Square’s Cash App Is a Billion-Dollar Business

Half the users of Venmo, but twice the revenue.

This article was originally written by Adam Levy of The Motley Fool

2019 was another good year for Square‘s (NYSE:SQ) peer-to-peer payments app. Management reported that Cash App had 24 million active users in the month of December, and the consumer app generated $1.11 billion in net revenue during 2019. Even when you remove bitcoin sales, Cash App brought in a robust $589 million during 2019 and exited the year at a run rate over $700 million.

Square’s ability to monetize and grow Cash App compares favorably to its next-closest competitor, PayPal‘s (NASDAQ:PYPL) Venmo. PayPal said it ended the year with 52 million active Venmo users, more than twice as many as Square, but its revenue run rate was just $450 million.

Square’s ability to innovate and engage its users is propelling strong growth in both users and monetization. That trend ought to continue in 2020 as management noted increased daily engagement among users, particularly those using newer features such as Invest.

Growing engagement, retention, and monetization

Cash App’s 24 million monthly active users in December represent a 60% year-over-year increase in active accounts on the platform. That’s faster relative growth than the 30% increase Venmo has seen since the end of its first quarter, but the 9 million net additions over the past year are actually fewer than the 12 million net new accounts Venmo added in the previous nine months.

Still, Square has seen significant improvements in daily engagement over the last year as well. Management said daily usage increased 80% versus the 60% increase in monthly usage. One factor driving that improved engagement may be the redesign the company rolled out last quarter. The redesign made it easier for users to discover everything Cash App has to offer, including Cash Card and bitcoin and stock investing. 


Square is taking a conservative approach to monetization — bitcoin and stock investing are practically free for consumers — mainly looking to drive engagement and customer acquisition. Nonetheless, it’s done a good job improving its user monetization, which reached an annual run rate of $30 per user in December compared to just $15 per user two years ago. That growth was driven primarily by increased Cash Card transactions.


Square’s primary focus for Cash App is growing the network. At just 24 million users, there’s still a lot of potential to grow active accounts on the platform.

“Our focus today, first and foremost, is to continue to scale this business and get it in the hands of more customers with even more product functionality,” CFO Amrita Ahuja told investors on the company’s fourth-quarter earnings call.

However, that doesn’t mean a slowdown in overall revenue growth or improvements in revenue per user. Nor does it mean a reduction in gross margin for Cash App, which contributed 27% of the gross profit for the overall business in 2019.

Some of Square’s biggest marketing expenses for Cash App have strong potential to turn into sources of revenue. Last year, it started partnering with businesses on Cash Card Boosts, which offer instant cash back on purchases made at select retailers. Instead of Square paying out that cash, the partners pay it out. So, what was once a loss leader to get customers to use the Cash Card is now a source of revenue, or at least not contra-revenue. The company has also found ways to reduce the net costs of Boosts, including requiring a certain number of purchases before unlocking a Boost or putting an expiration date on a Boost.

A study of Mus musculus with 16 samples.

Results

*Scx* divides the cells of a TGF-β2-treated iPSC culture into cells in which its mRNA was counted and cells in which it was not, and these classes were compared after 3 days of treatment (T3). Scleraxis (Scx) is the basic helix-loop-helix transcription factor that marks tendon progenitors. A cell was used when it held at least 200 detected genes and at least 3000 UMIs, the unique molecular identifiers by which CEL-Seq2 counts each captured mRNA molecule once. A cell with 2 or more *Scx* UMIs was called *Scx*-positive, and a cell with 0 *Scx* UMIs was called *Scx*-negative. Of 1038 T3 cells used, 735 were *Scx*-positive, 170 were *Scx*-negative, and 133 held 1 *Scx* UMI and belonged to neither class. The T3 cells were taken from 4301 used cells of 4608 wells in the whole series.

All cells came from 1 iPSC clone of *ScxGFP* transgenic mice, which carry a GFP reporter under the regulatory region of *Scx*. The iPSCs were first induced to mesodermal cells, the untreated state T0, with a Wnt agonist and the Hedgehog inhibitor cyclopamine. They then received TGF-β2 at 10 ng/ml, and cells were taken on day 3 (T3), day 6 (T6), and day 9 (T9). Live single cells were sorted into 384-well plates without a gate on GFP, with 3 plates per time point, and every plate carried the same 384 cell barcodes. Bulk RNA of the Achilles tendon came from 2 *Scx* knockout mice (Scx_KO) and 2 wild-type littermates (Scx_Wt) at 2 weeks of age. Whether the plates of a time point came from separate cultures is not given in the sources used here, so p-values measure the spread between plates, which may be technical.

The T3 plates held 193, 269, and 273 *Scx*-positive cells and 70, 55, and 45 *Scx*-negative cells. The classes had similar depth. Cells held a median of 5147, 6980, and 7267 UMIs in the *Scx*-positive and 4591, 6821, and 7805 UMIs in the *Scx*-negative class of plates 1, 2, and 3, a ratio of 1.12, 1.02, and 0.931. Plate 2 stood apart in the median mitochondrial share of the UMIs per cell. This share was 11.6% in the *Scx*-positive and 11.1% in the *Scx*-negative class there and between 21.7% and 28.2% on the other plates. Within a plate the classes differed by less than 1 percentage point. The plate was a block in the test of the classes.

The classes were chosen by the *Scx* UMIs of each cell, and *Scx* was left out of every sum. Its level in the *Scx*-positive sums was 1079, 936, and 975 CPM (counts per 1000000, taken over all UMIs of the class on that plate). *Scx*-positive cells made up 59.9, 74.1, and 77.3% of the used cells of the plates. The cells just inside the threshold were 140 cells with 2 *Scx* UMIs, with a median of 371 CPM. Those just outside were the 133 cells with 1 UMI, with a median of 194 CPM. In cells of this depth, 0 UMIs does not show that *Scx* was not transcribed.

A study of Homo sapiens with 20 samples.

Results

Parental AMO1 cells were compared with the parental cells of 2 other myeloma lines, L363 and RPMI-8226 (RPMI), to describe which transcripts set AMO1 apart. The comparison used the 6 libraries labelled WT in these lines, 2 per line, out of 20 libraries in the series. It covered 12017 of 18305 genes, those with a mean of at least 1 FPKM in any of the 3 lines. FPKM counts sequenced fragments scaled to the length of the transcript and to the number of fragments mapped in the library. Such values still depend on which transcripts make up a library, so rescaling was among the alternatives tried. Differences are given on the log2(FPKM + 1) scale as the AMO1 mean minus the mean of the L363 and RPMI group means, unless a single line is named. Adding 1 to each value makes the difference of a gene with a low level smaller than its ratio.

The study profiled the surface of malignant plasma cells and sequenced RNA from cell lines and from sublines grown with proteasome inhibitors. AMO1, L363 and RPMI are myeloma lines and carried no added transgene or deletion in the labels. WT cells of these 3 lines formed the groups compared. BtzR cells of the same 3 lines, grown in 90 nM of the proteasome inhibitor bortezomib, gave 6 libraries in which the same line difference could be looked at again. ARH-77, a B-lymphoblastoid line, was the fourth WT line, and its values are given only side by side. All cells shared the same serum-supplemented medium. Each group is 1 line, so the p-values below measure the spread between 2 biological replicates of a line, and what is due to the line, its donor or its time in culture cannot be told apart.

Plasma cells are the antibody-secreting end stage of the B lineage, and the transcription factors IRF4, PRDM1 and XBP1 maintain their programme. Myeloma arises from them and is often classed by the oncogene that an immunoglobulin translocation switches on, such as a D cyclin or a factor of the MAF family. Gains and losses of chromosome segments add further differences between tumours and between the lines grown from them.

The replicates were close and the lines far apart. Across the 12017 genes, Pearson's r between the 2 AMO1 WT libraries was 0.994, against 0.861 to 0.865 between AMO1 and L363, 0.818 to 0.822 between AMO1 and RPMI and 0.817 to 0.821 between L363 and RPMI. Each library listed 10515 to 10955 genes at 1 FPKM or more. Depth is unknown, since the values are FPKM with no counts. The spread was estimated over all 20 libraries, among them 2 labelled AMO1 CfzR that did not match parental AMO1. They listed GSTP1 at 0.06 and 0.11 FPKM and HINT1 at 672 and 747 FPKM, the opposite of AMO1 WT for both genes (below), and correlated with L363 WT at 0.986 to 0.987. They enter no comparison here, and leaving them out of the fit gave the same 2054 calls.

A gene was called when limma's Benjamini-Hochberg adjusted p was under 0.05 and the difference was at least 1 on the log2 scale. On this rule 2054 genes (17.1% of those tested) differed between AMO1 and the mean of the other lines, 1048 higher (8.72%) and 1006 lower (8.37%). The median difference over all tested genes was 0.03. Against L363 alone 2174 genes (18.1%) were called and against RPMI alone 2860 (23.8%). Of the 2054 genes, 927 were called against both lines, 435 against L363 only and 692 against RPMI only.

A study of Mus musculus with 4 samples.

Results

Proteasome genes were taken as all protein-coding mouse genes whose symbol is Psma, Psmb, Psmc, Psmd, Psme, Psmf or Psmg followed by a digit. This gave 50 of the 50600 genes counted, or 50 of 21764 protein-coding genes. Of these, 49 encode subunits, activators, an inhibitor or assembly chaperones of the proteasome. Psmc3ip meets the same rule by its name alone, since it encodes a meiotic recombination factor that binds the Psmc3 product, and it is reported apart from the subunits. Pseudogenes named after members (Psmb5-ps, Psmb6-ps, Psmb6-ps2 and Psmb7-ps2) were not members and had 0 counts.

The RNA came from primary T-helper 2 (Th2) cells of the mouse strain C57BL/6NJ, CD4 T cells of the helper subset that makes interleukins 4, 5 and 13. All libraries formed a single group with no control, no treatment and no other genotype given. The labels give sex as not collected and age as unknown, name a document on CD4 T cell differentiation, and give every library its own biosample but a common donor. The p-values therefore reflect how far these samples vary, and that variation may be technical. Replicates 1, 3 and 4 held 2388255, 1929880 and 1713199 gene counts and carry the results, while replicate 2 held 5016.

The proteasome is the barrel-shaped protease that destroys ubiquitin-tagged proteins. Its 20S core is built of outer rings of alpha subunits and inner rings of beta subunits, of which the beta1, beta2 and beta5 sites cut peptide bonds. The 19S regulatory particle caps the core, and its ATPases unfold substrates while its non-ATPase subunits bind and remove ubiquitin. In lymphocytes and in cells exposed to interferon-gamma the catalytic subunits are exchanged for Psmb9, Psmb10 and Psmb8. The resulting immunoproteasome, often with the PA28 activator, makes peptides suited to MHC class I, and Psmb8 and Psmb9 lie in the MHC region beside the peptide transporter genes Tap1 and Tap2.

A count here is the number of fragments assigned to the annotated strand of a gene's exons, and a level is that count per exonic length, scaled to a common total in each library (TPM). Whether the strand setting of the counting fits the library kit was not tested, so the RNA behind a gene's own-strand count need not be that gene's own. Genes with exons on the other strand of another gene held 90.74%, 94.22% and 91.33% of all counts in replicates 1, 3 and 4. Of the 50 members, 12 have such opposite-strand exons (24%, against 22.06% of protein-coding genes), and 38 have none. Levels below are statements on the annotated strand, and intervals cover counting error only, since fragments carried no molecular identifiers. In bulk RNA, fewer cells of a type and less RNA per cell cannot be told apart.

There’s similar potential for Square to turn Investing, which offers free fractional-share trading in the app, into a source of revenue instead of just a customer acquisition channel. The company could offer more advanced features to consumers interested in options investing and using leverage. Competitors in the space, such as Robinhood, use a similar monetization strategy.

Even still, there’s plenty of room to improve monetization using Cash Card. Management said just 20% of Cash App users have the Cash Card in their wallets. Despite the small attach rate, the card is one of Cash App’s biggest sources of revenue. That makes it one of the best and fastest ways to increase revenue per user. Ahuja is optimistic about the potential to continue improving the attach rate in 2020.

Cash App is a billion-dollar business and a significant contributor of gross profit for Square. Ahuja expects gross profit to grow more on an absolute basis for Cash App in 2020 than in 2019, suggesting about $250 million in incremental gross profit. That’s about 40% of her outlook for the total increase in Square’s gross profit in 2020, indicating how important the consumer app has become to the overall business. Investors will want to pay close attention to the progress of this peer-to-peer payments app.


MyWallSt operates a full disclosure policy. MyWallSt staff currently hold no positions in Square. Read our full disclosure policy here.

Adam Levy has no position in any of the stocks mentioned. The Motley Fool owns shares of and recommends PayPal Holdings and Square and recommends the following options: short March 2020 $70 puts on Square. The Motley Fool has a disclosure policy.